Judge orders release of documents tied to Trump University lawsuit

David Lee Miller reports from New York


A federal judge ordered Friday the release of Trump University internal documents in a class-action lawsuit against the defunct real estate school owned by presumptive Republican presidential nominee Donald Trump.

U.S. District Judge Gonzalo Curiel in San Diego calls for the documents to be released Thursday. The order comes in a response to a request by The Washington Post.

Trump University has been cited repeatedly in anti-Trump political ads during the primary campaign as evidence that Trump fails to live up to his promises. Trump’s lawyers have denied any wrongdoing in the case before Curiel as well as another class-action suit in San Diego and a $40 million lawsuit filed in 2013 by the state of New York alleging that more than 5,000 had been defrauded.

The billionaire real estate mogul, for his part, has claimed that Curiel is a "hater of Donald Trump" and should be ashamed of how he has handled the case. Trump also has questioned whether Curiel, who is Hispanic, is biased against him because of his call for deporting immigrants in the U.S. illegally.

“I think Judge Curiel should be ashamed of himself. I think it’s a disgrace that he is doing this,” Trump said Friday.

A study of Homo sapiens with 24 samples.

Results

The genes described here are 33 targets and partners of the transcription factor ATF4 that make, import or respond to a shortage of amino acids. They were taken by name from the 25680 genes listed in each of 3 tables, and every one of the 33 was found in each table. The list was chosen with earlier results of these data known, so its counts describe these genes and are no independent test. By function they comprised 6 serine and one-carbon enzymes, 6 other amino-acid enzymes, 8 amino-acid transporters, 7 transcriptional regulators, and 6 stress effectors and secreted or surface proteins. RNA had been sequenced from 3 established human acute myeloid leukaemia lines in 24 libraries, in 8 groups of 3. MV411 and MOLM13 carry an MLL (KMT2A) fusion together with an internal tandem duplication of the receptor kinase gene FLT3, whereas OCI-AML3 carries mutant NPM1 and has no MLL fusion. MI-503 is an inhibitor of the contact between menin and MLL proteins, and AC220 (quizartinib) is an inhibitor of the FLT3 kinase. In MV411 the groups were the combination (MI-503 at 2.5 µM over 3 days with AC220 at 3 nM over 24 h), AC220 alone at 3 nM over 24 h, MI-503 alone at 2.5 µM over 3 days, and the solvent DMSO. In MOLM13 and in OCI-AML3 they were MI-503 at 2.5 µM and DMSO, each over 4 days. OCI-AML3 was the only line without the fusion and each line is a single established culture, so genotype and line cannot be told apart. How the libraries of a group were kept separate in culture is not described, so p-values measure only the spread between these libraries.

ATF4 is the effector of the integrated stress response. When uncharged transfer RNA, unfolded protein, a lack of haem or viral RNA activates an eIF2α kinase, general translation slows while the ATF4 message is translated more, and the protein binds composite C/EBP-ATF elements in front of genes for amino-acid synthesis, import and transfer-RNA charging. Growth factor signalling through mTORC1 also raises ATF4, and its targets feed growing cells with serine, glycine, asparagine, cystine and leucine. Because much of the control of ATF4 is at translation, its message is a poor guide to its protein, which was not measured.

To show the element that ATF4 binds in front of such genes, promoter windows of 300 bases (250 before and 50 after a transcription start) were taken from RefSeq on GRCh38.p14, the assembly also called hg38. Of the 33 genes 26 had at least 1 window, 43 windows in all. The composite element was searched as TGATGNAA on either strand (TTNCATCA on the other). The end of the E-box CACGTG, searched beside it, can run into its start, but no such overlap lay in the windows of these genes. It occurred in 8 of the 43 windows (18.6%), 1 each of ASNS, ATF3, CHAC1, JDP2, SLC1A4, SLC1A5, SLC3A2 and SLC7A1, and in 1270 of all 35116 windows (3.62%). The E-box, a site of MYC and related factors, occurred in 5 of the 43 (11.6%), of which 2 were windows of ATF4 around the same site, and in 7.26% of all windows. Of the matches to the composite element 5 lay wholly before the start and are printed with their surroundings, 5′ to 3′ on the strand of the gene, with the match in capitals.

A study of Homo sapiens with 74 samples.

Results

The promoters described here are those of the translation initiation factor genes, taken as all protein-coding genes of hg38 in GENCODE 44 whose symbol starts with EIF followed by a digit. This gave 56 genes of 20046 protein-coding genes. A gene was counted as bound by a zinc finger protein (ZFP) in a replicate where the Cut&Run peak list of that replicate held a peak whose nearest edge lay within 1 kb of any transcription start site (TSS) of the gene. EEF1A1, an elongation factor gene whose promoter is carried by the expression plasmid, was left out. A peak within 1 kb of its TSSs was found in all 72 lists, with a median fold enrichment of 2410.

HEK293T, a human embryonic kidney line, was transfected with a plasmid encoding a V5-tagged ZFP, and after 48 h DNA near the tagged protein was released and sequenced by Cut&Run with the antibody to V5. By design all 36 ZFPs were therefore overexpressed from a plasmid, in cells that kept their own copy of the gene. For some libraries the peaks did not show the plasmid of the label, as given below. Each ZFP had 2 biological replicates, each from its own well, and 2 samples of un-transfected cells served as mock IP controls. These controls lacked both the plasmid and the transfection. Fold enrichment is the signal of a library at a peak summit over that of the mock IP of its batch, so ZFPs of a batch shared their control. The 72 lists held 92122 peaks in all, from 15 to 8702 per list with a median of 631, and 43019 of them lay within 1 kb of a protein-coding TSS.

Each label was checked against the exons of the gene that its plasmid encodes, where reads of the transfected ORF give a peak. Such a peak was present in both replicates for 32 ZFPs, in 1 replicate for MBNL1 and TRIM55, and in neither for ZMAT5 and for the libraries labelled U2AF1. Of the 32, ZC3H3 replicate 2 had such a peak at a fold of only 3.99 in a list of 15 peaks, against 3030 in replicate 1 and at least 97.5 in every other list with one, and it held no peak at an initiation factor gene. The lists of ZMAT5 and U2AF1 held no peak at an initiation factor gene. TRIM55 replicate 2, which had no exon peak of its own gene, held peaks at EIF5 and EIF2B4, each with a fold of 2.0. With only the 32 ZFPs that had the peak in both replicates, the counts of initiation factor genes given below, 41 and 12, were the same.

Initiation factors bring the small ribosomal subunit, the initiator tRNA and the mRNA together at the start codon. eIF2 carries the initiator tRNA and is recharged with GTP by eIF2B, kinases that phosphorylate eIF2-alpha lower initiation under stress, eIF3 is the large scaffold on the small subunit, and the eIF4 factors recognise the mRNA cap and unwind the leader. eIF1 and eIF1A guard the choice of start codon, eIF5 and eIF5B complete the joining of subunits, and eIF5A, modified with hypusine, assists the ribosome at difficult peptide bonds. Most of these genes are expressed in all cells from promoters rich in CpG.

The lawsuit overseen by Curiel states that Trump University's nationwide seminars and classes were like infomercials and pressured students to buy more but didn't deliver as promised in spite of students paying as much as $35,000 for seminars. Curiel already has set a Nov. 28 trial date.

Trump, who appears on a list of defense witnesses for the trial, has repeatedly pointed to a 98 percent satisfaction rate on internal surveys. But the lawsuit says students were asked to rate the product when they believed they still had more instruction to come and were reluctant to openly criticize their teachers on surveys that were not anonymous.

The Post reported that Curiel's order to release an estimated 1,000 pages of documents cites heightened public interest in Trump and that he had "placed the integrity of these court proceedings at issue."

The judge appeared to reject the argument by Trump attorneys that the information had commercial value, saying that there was no support for the assertion that Trump University may resume operations.

Since the early 1980s, Trump personally has been sued at least 150 times in federal court, records show. Only a handful of those cases are pending, with the ones involving Trump University being the most significant.

The judge had previously floated the idea of a June trial but then previously settled on an August date before Trump’s rise in the primaries.

Trump's attorneys have resisted a trial during the campaign.

"This will be a zoo if it were to go to trial," Trump lawyer Daniel Petrocelli said at a March hearing.

Trump has railed against the judge, calling him hostile and suggesting his positions in the case may be the result of Trump's stance on border security. The presumptive GOP nominee has noted the Curiel's ethnicity.

Trump said of the judge at an Arkansas rally in February: "I believe he happens to be Spanish, which is fine. He's Hispanic — which is fine."

The Associated Press contributed to this report.